South Windsor resident crusades against distracted driving

By Annie Gentile - ReminderNews
South Windsor - posted Wed., Nov. 20, 2013
Carl Werkhoven lost a leg in a motorcycle accident four years ago. He's working to raise awareness and to push for stronger laws against distracted drivers. Photo by Annie Gentile.
Carl Werkhoven lost a leg in a motorcycle accident four years ago. He's working to raise awareness and to push for stronger laws against distracted drivers. Photo by Annie Gentile.

Carl Werkhoven is a man on a mission. To date, he says he’s logged over 143 hours standing at five different heavily-traveled intersections in town pleading with drivers to put down their cell phones when driving, to stop texting, and to keep their eyes and minds on the road. If he had his way, every business that employs drivers would insist their drivers not use cell phones or other distracting technology when driving and put signs on the backs of their vehicles reminding others to do the same.

Werkhoven doesn’t stop there. He wants to see the current laws against using hand held cell phones enforced more strictly, and he’d like to see the penalties throughout Connecticut and someday the nation to be heavier, starting with a $1,000 fine for a first time offense and an automatic loss of license for two years for a second offense.

If Werkhoven comes on strong, he has good reason. Four years ago in August, he was driving his motorcycle and was hit by a car at the intersection of Sullivan Avenue and Pierce Road. He lost a leg in the accident, and says the woman who hit him was a distracted driver.

On Sunday, Nov. 17, he was stationed near the gazebo on the green near the Stop & Shop Plaza on Ellington Road. Several temporary signs urging people to put down their phones and to obey traffic laws lined Ellington Road, and still more were set up on the green facing inward at shoppers in the plaza.

“People tell me to mind my own business. They flip me off or laugh when they drive by. I don’t care,” said Werkhoven. “We all have a stake in this, from the moment you leave the hospital as a newborn and are strapped into that little chair, you’re at risk from someone not paying attention to the road,” he said. “I count at least one hundred people a day on cell phones and anywhere from six to fifteen [people] texting while driving, and that’s without even trying. I see people not stopping at stop signs and running red lights too.”

Werkhoven said he feels the local police don’t like what he’s doing, and only stop by to question him as to whether he has permission to be on whatever property he is at on a given day. He said he’d be pleased if an officer or someone on the fire department would come and stand with him now and then. “I would never be someplace I don’t have permission to be. I’m out here to show people the truth, and a lot of people don’t like to see it,” he said.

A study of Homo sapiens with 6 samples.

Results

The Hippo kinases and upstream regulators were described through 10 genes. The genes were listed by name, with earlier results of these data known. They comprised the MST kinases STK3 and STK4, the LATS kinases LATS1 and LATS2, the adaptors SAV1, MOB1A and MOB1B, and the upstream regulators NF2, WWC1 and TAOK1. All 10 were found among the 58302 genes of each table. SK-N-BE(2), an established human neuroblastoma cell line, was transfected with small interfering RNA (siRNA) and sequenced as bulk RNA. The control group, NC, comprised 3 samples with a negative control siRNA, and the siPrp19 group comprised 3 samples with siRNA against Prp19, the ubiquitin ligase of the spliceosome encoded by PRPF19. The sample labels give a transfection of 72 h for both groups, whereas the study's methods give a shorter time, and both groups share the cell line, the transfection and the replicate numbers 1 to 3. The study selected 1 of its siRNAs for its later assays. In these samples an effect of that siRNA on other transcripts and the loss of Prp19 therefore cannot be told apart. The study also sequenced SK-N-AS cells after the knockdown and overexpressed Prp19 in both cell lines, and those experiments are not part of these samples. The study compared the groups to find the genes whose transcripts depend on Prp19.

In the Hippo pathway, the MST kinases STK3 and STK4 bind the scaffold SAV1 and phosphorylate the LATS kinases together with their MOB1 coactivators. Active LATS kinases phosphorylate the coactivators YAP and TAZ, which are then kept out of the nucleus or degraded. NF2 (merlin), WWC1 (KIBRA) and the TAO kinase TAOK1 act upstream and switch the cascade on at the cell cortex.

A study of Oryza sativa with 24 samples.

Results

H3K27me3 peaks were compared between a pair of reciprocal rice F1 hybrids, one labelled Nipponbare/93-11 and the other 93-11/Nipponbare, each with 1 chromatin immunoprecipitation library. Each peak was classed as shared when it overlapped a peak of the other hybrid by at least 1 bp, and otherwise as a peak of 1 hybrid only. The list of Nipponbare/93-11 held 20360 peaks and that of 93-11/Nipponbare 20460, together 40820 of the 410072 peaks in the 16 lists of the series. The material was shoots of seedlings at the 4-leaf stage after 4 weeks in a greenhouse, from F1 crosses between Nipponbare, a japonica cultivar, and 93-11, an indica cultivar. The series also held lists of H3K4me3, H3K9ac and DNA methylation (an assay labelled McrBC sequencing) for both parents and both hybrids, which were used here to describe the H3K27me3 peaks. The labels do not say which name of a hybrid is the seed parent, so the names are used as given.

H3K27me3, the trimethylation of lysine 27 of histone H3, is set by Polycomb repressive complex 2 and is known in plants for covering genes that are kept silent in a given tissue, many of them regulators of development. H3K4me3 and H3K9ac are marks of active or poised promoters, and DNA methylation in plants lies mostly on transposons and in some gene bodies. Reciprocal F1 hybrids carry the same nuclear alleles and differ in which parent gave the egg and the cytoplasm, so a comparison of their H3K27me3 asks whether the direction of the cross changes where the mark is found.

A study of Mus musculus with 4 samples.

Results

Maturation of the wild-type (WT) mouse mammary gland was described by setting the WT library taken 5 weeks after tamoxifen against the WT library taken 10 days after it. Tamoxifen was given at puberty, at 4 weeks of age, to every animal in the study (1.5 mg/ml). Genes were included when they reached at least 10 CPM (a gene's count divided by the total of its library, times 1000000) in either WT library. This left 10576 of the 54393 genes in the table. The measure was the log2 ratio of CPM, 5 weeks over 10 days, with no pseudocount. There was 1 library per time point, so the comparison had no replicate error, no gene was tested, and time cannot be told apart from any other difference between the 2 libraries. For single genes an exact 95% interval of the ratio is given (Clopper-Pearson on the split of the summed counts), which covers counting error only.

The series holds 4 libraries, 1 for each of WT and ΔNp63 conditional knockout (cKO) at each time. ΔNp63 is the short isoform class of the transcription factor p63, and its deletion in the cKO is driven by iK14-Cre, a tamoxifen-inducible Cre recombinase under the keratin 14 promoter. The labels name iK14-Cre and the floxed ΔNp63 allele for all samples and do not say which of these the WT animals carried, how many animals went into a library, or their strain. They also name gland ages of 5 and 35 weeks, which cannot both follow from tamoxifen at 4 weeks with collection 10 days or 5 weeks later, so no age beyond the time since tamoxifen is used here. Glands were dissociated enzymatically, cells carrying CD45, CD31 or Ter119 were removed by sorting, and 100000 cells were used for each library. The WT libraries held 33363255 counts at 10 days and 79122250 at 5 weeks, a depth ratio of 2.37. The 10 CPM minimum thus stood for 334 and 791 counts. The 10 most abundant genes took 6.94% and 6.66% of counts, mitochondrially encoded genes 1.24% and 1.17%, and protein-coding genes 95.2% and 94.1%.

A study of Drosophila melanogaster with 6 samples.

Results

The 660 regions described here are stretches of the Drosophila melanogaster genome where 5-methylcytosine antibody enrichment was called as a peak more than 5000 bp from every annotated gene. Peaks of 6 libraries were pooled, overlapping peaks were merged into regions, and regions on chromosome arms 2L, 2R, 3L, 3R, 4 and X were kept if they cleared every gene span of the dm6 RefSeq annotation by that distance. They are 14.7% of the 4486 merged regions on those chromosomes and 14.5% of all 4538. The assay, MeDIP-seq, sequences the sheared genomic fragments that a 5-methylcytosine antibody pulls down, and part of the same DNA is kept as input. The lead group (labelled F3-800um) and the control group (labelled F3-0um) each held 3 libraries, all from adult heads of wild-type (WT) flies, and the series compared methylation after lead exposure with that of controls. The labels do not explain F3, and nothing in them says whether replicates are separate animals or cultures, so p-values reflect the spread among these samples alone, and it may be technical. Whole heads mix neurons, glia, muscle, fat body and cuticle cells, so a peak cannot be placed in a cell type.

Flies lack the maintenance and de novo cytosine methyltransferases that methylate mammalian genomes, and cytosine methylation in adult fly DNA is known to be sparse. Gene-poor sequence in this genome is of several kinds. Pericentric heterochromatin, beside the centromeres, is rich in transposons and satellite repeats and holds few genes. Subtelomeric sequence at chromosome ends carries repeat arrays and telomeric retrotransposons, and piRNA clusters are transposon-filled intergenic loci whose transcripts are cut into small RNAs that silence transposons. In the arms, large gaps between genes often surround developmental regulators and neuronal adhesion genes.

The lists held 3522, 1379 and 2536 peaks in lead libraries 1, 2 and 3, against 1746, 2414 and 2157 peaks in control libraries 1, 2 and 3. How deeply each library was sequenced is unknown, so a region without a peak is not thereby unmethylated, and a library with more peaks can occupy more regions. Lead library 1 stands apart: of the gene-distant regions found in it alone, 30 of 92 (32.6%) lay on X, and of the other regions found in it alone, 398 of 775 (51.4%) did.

South Windsor Police Department Public Information Officer Lt. Scott Custer took a different view of Werkhoven’s assessment. “We applaud his education effort," he said, "but like everything else, our officers have to try to balance their activities; and distracted driving is just one of many, many laws we have to enforce. We try to make school bus stops a priority, and we also respond to every medical call in town. Every demographic has its hot button issues,” he said. “We have only one person in our three-person traffic unit, so we don’t have the luxury of being able to send an officer out to spend time with him.”

Custer said the SWPD has ticketed for 1,001 infractions so far this year, with 123 of them for cell phone use. He said this time of year officers start to see more inebriated drivers, and the state police are continuing to look at speeding issues around town. “We’re spread thin with all we do,” he said.

Besides his vigils, Werkhoven has also become a familiar face at Town Council meetings, where he is not shy about getting his message out. He must have made an impression because on a recent Saturday he said South Windsor’s new mayor, Dr. Saud Anwar, came out to stand with him. “He gave me a hug when I really needed one,” said Werkhoven, adding that he also wants to get into local schools to talk to kids who are just getting their licenses. “I’ll bring my four best friends with me, my crutches, my cane, my walker, and my wheelchair,” he said.

Werkhoven said he knows getting people to change will be a lot of work, but as this is now his full time job, he’s willing to put in the time. “Getting a license is a privilege, a gift, and people can’t take it for granted,” he said. “It can all boil down to a license to kill, if you don’t do the right thing. I want people to know that every vehicle is a loaded weapon, every driver the trigger. Ignorance kills,” he said.